There’s a lot of value placed on data these days. Small and large scale businesses are currently on the move to improve the information base they have on their target clientele, and plenty of resources are specifically allocated for the gathering of personal data, all in an effort to control and monetize it.


Data is a term that refers to raw, unprocessed information. This may be information that you give away freely, such as the things you write on a public About section of your Facebook profile. This could also be information that is harvested from your personal accounts, whether you are aware of this or not. Other types of data include operational data (i.e. accounting, sales, inventory, cost, and payroll), non-operational data (i.e. forecast data and macroeconomics), and meta data (i.e. data about the data itself).

Regardless of type, companies are often on the search for data—data mining allows them to create a good picture of what their target demographic looks like, and they subsequently use the gathered information to further strategize on their next marketing move.

On the other hand, data mining is the act of gathering data by the bulk. It can be a pretty in-depth and extensive process—the “mining” part of it should give you a hint. On top of the actual gathering, the data is later analyzed into useful bits of information. It’s amazing how much companies and governments can find out about you from the things they gather online, and in a certain context, this is a frightening fact.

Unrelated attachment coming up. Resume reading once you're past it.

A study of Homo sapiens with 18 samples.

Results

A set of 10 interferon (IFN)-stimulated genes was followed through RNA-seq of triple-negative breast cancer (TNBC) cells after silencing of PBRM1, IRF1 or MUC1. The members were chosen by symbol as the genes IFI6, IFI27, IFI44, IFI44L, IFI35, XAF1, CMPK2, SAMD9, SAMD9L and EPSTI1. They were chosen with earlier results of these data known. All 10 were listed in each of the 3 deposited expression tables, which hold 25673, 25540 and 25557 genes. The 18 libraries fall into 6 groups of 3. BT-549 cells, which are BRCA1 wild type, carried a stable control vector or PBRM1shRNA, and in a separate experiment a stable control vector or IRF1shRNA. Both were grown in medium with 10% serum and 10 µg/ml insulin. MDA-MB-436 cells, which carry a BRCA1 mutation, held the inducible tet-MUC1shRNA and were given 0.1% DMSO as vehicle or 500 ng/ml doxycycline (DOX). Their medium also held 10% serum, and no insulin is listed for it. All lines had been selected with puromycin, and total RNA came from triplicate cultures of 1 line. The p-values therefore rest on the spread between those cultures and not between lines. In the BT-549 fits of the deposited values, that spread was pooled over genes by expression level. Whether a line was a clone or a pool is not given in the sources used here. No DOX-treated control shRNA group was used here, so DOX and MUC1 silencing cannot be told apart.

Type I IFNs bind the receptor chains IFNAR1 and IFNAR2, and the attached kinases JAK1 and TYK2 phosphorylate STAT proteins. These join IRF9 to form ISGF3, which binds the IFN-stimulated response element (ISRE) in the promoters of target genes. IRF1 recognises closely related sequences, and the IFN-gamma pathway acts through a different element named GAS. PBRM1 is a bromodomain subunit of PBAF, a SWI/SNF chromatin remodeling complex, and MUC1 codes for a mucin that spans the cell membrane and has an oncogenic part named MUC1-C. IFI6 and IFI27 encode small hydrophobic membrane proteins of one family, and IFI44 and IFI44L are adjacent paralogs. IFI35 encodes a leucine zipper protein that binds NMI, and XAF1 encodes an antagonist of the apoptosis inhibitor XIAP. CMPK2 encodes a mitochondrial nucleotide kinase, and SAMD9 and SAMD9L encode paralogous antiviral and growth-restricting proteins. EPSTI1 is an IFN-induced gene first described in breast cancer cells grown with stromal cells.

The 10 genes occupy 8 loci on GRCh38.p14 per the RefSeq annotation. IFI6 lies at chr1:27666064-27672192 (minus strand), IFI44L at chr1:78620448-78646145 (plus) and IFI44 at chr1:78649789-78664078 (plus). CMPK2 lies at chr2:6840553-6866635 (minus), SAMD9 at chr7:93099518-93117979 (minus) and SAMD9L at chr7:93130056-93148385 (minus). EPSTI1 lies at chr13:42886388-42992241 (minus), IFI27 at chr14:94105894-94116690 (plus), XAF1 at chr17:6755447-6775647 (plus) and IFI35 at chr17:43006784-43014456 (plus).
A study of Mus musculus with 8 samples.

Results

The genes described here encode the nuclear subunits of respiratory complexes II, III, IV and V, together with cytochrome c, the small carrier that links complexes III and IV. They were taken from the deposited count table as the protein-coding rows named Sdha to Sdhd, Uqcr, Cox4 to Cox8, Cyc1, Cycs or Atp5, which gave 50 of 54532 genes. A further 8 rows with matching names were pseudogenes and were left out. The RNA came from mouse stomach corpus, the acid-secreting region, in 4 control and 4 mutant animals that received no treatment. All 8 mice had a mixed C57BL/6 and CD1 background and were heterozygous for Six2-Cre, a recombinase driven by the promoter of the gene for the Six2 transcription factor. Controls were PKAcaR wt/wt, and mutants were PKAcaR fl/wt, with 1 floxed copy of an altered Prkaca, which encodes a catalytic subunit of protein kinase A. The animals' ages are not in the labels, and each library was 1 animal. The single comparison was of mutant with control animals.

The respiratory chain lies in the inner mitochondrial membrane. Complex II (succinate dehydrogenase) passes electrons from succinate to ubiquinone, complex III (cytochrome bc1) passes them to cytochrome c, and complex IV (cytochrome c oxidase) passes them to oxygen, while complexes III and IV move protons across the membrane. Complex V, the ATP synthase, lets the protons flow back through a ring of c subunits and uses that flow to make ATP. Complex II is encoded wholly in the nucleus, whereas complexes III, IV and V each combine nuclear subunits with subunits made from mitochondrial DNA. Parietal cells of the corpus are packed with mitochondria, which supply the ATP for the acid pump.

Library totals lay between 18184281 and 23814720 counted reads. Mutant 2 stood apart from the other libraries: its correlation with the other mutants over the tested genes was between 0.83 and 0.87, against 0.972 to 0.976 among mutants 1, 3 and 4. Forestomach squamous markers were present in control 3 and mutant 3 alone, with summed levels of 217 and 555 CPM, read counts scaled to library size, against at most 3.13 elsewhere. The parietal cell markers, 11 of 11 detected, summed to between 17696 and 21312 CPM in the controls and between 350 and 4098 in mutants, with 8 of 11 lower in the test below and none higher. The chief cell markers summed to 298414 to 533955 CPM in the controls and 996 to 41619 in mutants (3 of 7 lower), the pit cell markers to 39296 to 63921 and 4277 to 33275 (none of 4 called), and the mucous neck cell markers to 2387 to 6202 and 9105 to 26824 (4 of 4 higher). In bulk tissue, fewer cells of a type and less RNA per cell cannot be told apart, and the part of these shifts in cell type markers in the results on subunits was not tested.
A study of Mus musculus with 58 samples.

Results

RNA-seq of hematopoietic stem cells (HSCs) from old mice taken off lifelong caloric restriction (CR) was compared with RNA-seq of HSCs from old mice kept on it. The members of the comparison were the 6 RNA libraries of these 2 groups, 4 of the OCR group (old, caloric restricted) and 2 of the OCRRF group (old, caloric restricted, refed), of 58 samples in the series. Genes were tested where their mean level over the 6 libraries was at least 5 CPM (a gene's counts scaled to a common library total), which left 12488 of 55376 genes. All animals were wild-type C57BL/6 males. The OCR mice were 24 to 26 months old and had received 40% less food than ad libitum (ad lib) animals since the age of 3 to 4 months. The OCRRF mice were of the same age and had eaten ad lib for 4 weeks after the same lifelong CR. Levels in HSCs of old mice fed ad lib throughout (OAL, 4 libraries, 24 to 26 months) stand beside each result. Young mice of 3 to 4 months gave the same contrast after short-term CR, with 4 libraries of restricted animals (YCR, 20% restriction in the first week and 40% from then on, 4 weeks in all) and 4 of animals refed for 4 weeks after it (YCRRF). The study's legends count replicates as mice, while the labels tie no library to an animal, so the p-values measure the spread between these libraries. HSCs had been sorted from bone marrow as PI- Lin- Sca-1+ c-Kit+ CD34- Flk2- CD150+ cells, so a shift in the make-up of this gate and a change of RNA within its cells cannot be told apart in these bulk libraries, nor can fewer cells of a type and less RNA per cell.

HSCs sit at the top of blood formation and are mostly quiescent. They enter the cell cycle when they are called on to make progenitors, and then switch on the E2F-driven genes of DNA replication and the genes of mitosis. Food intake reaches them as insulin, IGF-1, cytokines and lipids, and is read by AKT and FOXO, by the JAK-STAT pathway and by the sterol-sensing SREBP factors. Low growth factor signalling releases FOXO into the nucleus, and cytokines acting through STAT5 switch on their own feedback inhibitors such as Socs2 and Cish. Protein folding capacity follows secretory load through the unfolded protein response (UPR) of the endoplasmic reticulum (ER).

But data mining is not an act that’s limited to large corporations. The way we tend to overshare information on the Internet opens even ordinary individuals to the potential of gathering huge amounts of data. There’s way too much data online than we can possibly digest at one time, and it’s possible that every interaction that takes place on the Internet eventually leaves its own data signature. Still, on this smaller, more personal scale, the patterns in data signatures are not specific, and relationships look too complex after a cursory glance at the data.

There are two general forms of extracting information from large amounts of data. These are description and prediction. The ultimate goal of data mining is to find a simple way to view data, in such a way that is easily understood. Relationships are formed from the information, and it is possible for us to make inferences based on the patterns that eventually emerge.

The inferential power of data mining is its core strength, and many companies are acutely aware of this. If you think data mining is a new thing, it’s not. The technology has been around for ages. In fact, data mining techniques usually have their base in the use of computer programs, and these programs run on algorithms that classify specific cases into categories, based on the data given. More sophisticated programs can estimate wider ranges of information, and this is how a large number of Internet companies gain their profit.